Jessica Catalano and Wallace Demarriá
Photo by Kamal X.
Is the United States any closer to a so-called "post-racial" society than it was before Barack Obama was elected? What does it even mean to be Black in America? Is a person's race merely defined by the color of their skin? And is a working-class African American more authentically Black than one who is financially well-off and more socially well-connected? The fraught and provocative questions come fast and furious in Wallace Demarriá's ambitious but flawed Colorblind, now playing at the Actors Temple Theatre. While the play does not (and should not) provide easy answers, it at least gives the audience plenty to think about.

James Baldwin famously stated, "I love my country more than any other country in the world and, exactly for this reason, I insist on the right to criticize her perpetually." A similar philosophy guides the play's central character, Clinton Muhammad (Demarriá), who is a polarizing public figure. Presented as a cross between Louis Farrakhan and Al Sharpton, Muhammad publicly and vociferously speaks out against systemic racism in the United States. In many ways, he might even be considered a separatist, as suggested by his moral opposition to the mixing of the races.

Muhammad is the leader of an organization called Minority Empowerment Movement (M.E.M), and Janet Smith (Dana Harris) is its fiercely dedicated and intensely efficient administrative manager. The institution also includes a pair of bickering associates, Marcus Reed (Hank Dennis), who is an established member of the M.E.M, and Rasheed Alan (Gregory Warren), Muhammad's young protégé.

M.E.M. has accumulated its share of enemies, and Muhammad is depicted as the defining symbol of Black anger and violence. This is perpetuated by the conservative media, represented by a Tucker Carlson-type personality named Ross Akins (Joseph Salvatore Knipper), who describes Muhammad as "the most hated man in America." The local law enforcement, represented by Lt. Thomas (Valence Thomas) and an eager young police officer (Jeremy Rosenblum), treat him as a dangerous agitator. In short, M.E.M. is as politically explosive as TNT.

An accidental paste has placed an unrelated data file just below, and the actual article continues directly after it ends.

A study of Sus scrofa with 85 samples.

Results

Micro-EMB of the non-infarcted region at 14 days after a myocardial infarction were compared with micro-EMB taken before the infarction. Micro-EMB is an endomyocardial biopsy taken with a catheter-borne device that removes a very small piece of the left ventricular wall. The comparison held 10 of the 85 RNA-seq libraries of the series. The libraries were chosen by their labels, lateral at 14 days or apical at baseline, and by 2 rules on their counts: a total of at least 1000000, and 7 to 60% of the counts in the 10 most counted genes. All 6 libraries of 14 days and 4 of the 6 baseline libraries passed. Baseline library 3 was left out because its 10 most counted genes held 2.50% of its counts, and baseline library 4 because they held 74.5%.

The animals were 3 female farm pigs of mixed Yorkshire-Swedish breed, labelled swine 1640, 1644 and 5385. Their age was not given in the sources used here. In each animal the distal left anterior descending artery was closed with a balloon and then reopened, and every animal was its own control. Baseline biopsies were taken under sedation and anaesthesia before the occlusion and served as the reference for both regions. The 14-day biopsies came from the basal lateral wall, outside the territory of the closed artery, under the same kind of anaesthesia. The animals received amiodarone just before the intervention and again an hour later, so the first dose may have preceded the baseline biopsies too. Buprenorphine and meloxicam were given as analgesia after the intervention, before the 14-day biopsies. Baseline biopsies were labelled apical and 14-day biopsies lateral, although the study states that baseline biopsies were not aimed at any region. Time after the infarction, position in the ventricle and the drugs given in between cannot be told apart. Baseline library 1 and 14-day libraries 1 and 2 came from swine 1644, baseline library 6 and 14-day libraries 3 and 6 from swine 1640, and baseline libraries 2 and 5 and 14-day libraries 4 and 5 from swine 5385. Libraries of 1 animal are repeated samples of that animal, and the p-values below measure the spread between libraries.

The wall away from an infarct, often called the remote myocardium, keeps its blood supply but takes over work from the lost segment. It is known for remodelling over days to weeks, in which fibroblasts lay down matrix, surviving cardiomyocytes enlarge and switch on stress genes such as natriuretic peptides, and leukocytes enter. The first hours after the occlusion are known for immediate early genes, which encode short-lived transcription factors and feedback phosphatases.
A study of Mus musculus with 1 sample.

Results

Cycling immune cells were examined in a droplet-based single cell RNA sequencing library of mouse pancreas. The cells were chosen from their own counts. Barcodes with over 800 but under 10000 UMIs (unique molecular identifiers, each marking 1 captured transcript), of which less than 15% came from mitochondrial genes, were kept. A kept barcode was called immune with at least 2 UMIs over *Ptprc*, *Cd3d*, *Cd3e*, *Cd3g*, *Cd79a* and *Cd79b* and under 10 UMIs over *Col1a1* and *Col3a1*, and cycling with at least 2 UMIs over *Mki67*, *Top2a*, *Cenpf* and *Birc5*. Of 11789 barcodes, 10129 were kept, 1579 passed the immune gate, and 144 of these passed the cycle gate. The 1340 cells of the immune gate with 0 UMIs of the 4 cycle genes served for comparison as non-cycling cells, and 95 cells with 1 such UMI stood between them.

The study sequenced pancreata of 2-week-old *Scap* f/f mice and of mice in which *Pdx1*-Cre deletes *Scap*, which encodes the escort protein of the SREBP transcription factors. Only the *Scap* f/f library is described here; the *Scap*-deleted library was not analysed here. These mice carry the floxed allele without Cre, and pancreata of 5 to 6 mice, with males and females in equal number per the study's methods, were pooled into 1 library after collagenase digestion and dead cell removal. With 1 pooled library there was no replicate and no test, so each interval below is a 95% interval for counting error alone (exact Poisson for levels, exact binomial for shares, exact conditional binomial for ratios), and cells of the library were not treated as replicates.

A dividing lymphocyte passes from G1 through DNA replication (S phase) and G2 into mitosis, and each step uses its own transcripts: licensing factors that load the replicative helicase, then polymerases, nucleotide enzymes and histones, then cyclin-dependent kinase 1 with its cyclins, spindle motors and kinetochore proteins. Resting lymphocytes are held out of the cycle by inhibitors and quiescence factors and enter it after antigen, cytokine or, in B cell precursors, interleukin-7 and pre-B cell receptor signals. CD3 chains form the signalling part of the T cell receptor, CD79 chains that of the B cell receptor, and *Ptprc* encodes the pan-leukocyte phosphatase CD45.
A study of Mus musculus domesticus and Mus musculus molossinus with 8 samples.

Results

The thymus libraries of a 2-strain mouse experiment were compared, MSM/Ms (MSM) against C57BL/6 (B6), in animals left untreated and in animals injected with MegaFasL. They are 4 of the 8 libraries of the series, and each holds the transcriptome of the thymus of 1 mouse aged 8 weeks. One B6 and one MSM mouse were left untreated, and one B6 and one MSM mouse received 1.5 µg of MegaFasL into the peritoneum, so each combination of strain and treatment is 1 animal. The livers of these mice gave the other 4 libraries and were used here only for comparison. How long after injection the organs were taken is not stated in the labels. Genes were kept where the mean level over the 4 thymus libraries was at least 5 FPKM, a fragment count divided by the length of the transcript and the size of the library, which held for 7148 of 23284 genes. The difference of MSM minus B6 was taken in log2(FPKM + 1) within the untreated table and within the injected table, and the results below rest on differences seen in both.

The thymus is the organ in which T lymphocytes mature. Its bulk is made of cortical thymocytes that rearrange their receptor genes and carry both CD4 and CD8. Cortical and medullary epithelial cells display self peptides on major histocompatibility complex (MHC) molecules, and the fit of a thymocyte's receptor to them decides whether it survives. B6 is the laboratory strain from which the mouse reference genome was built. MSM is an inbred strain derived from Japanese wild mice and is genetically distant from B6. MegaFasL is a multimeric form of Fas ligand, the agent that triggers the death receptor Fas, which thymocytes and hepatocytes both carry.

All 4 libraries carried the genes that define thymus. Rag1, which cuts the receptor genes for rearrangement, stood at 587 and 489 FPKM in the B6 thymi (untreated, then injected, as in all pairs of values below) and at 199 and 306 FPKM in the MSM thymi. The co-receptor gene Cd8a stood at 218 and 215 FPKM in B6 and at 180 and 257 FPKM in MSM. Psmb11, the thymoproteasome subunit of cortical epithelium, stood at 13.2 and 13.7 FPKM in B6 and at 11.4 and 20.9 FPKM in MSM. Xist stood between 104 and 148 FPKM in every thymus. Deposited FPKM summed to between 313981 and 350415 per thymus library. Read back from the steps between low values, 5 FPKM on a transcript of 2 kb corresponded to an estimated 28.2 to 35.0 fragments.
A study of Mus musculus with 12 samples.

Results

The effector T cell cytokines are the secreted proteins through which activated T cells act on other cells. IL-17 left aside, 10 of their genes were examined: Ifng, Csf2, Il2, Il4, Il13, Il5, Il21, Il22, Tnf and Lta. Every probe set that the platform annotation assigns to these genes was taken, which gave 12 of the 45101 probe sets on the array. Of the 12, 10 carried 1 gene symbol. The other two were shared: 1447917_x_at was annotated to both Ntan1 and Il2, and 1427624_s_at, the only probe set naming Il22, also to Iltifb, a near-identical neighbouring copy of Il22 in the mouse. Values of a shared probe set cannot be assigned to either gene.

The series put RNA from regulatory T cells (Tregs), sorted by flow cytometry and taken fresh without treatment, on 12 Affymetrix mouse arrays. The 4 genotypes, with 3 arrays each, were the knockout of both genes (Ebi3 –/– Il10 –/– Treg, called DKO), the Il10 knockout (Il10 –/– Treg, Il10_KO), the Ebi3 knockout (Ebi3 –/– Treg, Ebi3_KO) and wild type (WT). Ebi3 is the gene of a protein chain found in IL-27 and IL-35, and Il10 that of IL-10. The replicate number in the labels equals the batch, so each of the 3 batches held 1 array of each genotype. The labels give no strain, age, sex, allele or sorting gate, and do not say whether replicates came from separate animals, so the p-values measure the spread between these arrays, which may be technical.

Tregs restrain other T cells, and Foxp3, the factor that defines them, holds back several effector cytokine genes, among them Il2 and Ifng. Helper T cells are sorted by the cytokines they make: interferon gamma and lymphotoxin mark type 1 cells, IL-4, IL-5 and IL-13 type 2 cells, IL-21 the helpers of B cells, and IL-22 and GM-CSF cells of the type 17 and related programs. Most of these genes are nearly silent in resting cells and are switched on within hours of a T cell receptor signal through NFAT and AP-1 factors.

Amidst a powder keg of smoldering emotions and churning deceitfulness, Muhammad remains resolute in his racial convictions. When an attempted assassination occurs, though, he becomes (literally) colorblind, and his foundational principles are put to the test while under the care of Dr. Yolanda Evans (Jessica Catalano).

Colorblind forthrightly and doggedly tackles important issues, and Demarriá intriguingly shows how race and class are tightly intertwined. As a play, though, the tone shifts as it swerves from social realism toward hokey melodrama. There are also a number of dramatic holes, and some of the situations strain plausibility. For instance, the motive behind the attempted assassination has not been fully explained through character development or logical circumstances. That is, we know it is an inside job, but the reasons behind the actions are not apparent. Also, Muhammad's prolonged public disappearance in the second act seems to be simply a plot contrivance.

The production, which is co-directed by Wallace Demarriá and Amanda White-Del Pino, does not help in smoothing over the rough patches. Impassioned moments are underscored with canned and banal music (provided by Nat Jenkins and Tiaffo), and the lighting (by Maarten Cornelis with the added difficulty of working against the brown paneled scenic design by Ru) jarringly dims or brightens as a means of telegraphing sexual tensions. Exposition is bluntly presented through the Fox-News figure, and this adds to the play's overall lack of subtlety.

The actors fare somewhat better. As the militant activist with a distaste for incendiary language, Demarriá hits most of the right notes, and he is ultimately a sympathetic figure. Harris and Catalano effectively show the ways in which we make harmful assumptions around race, class and gender. Warren is also very likable as the manipulated and manipulable Rasheed.

In the end, Colorblind may be a little too obvious and unsubtle dramaturgically, but in its unapologetic treatment of race in America, the play might just help us see the issues a bit more clearly.

Actors Temple Theatre, 339 West 47th St.